U.S. President Donald Trump will spend part of his 100th day in office Saturday in the politically friendly state of Pennsylvania, as anti-Trump protesters actively attempt to diminish the symbolic milestone.

The president will sign an executive order at a shovel factory in central Pennsylvania, directing his administration to review the nation’s trade agreements. The order aims to determine whether the U.S. is being treated equitably by its trading partners in the 164-nation World Trade Organization.

Trump will then host a rally for supporters in the state capitol of Harrisburg, an event that will coincide with an anti-Trump rally organized by Democrats and other organizations.

Trump’s re-election campaign said the president will tout his accomplishments since taking office at the rally, which will be held in an arena that can hold up to 10,000 people.

On Twitter, Trump posted he was eager to meet with his supporters.

In his weekly radio address, Trump said the first 100 days of his administration have been “just about the most successful in our country’s history.”

Trump said his administration is bringing back auto manufacturing jobs to the rust belt states of Ohio, Michigan and Pennsylvania and has created “tens of thousands of jobs” with his approval of two oil pipeline projects.The president also said his decision to withdraw the U.S. from the Trans-Pacific Partnership is protecting American jobs and his administration’s elimination of some federal regulations aims to “unleash job creation.”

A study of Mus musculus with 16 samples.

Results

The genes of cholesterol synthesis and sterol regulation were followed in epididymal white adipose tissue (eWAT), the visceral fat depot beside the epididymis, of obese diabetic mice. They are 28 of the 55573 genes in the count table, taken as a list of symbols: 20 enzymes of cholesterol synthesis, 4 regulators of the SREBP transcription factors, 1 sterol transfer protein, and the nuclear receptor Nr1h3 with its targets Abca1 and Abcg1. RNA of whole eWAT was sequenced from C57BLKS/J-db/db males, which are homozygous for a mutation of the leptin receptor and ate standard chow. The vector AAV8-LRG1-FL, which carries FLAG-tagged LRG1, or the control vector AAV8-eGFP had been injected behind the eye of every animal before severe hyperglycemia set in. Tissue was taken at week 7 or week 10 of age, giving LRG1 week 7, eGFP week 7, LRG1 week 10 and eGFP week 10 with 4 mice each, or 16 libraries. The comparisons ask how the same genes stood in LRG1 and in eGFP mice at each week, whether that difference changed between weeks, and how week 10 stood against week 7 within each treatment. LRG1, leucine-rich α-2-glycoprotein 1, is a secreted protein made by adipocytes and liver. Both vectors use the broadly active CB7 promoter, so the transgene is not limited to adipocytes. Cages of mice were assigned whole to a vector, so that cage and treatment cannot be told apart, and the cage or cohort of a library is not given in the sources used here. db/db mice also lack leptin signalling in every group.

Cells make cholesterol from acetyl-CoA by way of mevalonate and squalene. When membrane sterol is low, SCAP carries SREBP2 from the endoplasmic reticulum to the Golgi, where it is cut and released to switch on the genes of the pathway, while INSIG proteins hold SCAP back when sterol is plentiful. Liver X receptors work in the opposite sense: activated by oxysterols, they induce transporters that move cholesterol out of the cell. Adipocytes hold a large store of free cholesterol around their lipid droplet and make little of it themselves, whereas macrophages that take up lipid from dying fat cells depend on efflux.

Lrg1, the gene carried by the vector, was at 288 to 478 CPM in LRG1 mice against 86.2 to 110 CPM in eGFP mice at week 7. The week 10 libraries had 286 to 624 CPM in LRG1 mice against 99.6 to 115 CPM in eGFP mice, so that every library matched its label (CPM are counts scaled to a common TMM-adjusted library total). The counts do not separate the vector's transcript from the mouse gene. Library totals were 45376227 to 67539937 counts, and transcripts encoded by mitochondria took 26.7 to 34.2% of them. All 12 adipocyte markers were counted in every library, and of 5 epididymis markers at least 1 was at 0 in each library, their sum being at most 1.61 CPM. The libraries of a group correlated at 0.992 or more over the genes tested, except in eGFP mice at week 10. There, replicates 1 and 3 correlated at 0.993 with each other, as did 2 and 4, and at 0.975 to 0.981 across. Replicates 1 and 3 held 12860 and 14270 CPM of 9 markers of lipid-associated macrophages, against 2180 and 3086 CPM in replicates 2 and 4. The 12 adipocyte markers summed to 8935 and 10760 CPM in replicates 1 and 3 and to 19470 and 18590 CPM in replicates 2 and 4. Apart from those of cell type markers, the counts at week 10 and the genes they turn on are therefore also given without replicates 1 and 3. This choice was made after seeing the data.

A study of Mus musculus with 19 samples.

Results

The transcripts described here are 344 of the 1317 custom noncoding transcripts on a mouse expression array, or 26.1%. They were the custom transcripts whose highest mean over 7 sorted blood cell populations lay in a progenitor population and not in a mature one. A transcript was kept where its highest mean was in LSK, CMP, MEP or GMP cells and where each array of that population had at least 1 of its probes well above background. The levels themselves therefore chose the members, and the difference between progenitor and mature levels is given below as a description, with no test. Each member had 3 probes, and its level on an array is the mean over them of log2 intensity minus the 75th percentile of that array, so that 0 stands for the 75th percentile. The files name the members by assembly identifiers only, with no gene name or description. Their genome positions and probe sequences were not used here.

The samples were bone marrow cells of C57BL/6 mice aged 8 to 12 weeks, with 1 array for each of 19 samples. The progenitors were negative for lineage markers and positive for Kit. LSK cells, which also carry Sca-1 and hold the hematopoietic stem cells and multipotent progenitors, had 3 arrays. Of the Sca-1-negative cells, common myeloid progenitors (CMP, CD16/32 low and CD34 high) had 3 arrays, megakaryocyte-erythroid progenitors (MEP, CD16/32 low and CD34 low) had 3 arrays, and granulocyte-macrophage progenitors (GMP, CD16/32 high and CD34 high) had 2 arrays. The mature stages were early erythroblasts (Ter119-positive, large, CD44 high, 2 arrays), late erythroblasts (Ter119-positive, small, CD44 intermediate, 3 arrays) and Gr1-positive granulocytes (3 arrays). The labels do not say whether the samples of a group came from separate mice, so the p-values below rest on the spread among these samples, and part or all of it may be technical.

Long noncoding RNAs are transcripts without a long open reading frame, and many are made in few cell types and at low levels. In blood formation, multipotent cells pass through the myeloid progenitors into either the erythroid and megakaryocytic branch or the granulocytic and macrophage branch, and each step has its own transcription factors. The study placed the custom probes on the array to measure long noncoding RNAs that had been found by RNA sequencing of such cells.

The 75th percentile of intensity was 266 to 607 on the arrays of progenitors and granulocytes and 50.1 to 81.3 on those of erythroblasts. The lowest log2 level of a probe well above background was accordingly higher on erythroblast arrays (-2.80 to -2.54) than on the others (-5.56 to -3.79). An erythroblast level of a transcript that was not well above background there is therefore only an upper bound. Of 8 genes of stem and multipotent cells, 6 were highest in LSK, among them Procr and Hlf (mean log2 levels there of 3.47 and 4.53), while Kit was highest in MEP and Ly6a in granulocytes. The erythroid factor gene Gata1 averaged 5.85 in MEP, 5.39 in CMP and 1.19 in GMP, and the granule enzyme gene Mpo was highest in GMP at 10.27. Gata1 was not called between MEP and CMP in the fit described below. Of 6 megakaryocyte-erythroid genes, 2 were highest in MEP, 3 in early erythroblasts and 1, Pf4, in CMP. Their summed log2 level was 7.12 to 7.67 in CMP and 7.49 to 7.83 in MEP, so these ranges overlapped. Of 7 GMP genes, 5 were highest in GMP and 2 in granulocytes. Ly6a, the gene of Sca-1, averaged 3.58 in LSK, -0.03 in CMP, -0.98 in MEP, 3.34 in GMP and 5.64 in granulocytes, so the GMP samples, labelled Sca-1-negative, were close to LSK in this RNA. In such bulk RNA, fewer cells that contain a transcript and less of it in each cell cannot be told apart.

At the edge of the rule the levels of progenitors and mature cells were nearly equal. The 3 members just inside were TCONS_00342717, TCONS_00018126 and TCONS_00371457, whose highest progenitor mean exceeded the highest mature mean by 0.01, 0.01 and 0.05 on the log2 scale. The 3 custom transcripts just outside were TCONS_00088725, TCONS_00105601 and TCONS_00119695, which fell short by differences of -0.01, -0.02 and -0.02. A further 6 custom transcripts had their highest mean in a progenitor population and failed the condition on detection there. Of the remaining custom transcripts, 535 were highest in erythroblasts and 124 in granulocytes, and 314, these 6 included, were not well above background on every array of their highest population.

In Pennsylvania, state Democratic Party Chairman Marcel Groen is encouraging Trump opponents to join a counter-protest he says will be attended by national and local leaders and activists, including Democratic National Committee Vice Chair Michael Blake.

“We’ll rally to show Donald Trump that we will not stand idly by as he continues his attacks on the values we believe in,” Groen said in a statement.

Since Trump has been president, Goen maintained Trump’s accomplishments are “nonexistent” and Americans are “worse off.”

“During his first 100 days, Trump has spent more days on the golf course than he has spent protecting American workers,” Goen added.

Pennsylvania was a key state victory for Trump in the November election, becoming the first Republican presidential candidate to carry the state since 1988.

His visit to Pennsylvania comes on the same day tens of thousands of activists are expected to march in Washington in an effort to draw support for climate-related causes.

Protestors who have condemned what they see as the administration’s lack of concern for environmental issues will march from the U.S. Capitol to the White House, where they will hold a rally. Dozens of “sister” marches are expected in cities across the country.

Trump’s 100th day as president also falls on the same day as the White House Correspondent’s Dinner, an event that past presidents have routinely attended. Trump boycotted this year’s dinner, citing his contempt for the media.

Before departing the White House for Pennsylvania, Trump was to speak by phone to Central Intelligence Agency Director Mike Pompeo.